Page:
Since there is no previous experience with this kind of malaria control strategy, the possibility that the project could lead to counterproductive outcomes, or to other undesired consequences, should be considered.
For example, improper use of the rapid test with a false negative result could lead to the decision not to take the antimalarial medication, whereas if no intervention had taken place, even an incomplete treatment course could have been lifesaving.
Therefore, strong quality monitoring is required.
- A Data Safety Monitoring Board (DSMB) has been set up. This independent board is composed of four international malaria experts: Prof. Philippe Guérin, Prof. Léopoldo Villegas, Dr. Gustavo Bretas, and Dr. Jordi Landier. The DSMB has access to data from the study and immediately notifies the study coordinators if any irregularity regarding the safety of the participants is observed.
- Potential project side effects can be notified through different channels:
- Active notification by gold miners themselves using the phone app
- By facilitators during follow-up visits to distribution sites
- Passive notification through health centers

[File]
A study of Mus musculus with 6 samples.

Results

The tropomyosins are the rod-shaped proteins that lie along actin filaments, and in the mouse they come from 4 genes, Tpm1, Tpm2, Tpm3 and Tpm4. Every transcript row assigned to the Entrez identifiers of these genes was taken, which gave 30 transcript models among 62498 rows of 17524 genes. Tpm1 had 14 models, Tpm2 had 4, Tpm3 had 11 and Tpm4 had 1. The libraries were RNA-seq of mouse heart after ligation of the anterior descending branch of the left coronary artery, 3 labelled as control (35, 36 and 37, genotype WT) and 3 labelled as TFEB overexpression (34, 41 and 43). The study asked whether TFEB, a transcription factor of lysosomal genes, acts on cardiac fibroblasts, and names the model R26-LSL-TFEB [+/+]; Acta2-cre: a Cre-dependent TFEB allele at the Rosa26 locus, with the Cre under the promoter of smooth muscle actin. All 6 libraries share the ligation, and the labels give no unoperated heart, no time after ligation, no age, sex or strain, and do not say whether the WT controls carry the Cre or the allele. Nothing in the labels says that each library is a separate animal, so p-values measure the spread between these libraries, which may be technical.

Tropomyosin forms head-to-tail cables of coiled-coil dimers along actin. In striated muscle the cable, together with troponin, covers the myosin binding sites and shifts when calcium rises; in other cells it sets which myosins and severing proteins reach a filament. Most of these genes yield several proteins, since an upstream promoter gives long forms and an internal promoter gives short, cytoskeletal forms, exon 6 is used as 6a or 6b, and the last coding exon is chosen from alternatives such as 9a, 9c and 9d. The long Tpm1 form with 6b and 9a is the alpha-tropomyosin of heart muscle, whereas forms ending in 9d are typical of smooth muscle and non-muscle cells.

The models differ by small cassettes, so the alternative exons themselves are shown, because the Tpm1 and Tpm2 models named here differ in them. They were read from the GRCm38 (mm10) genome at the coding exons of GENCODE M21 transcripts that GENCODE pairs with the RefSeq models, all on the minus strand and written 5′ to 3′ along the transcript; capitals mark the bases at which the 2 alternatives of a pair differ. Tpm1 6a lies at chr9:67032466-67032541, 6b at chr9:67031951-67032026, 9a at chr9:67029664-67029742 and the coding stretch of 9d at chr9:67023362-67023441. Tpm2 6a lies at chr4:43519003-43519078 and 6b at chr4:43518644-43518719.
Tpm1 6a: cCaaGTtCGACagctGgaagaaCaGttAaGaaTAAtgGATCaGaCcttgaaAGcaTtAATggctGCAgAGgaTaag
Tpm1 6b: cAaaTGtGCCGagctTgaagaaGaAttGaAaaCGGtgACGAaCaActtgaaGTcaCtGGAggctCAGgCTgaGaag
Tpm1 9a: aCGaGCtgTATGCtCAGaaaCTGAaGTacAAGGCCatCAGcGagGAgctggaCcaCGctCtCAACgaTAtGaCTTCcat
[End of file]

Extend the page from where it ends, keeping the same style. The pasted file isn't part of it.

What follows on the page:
- Patient advocacy: As in any clinical study, it should be clear to participants that they are free to take part in the study and that their decision not to participate will not have any consequences, especially since participation is requested in an environment where the participant may not feel free to say no or to withdraw.
The facilitators must be ethically irreproachable. A toll-free phone number to contact an independent Portuguese- speaking person has thus been set up to allow participants to express any doubts about the way study staff is acting.
- A clinical research assistant (CRA) outside the Malakit project carries out regular monitoring of the ethical aspects of the project in each country. In particular, the CRA monitors the informed consent forms and the Clinical Trial Master File.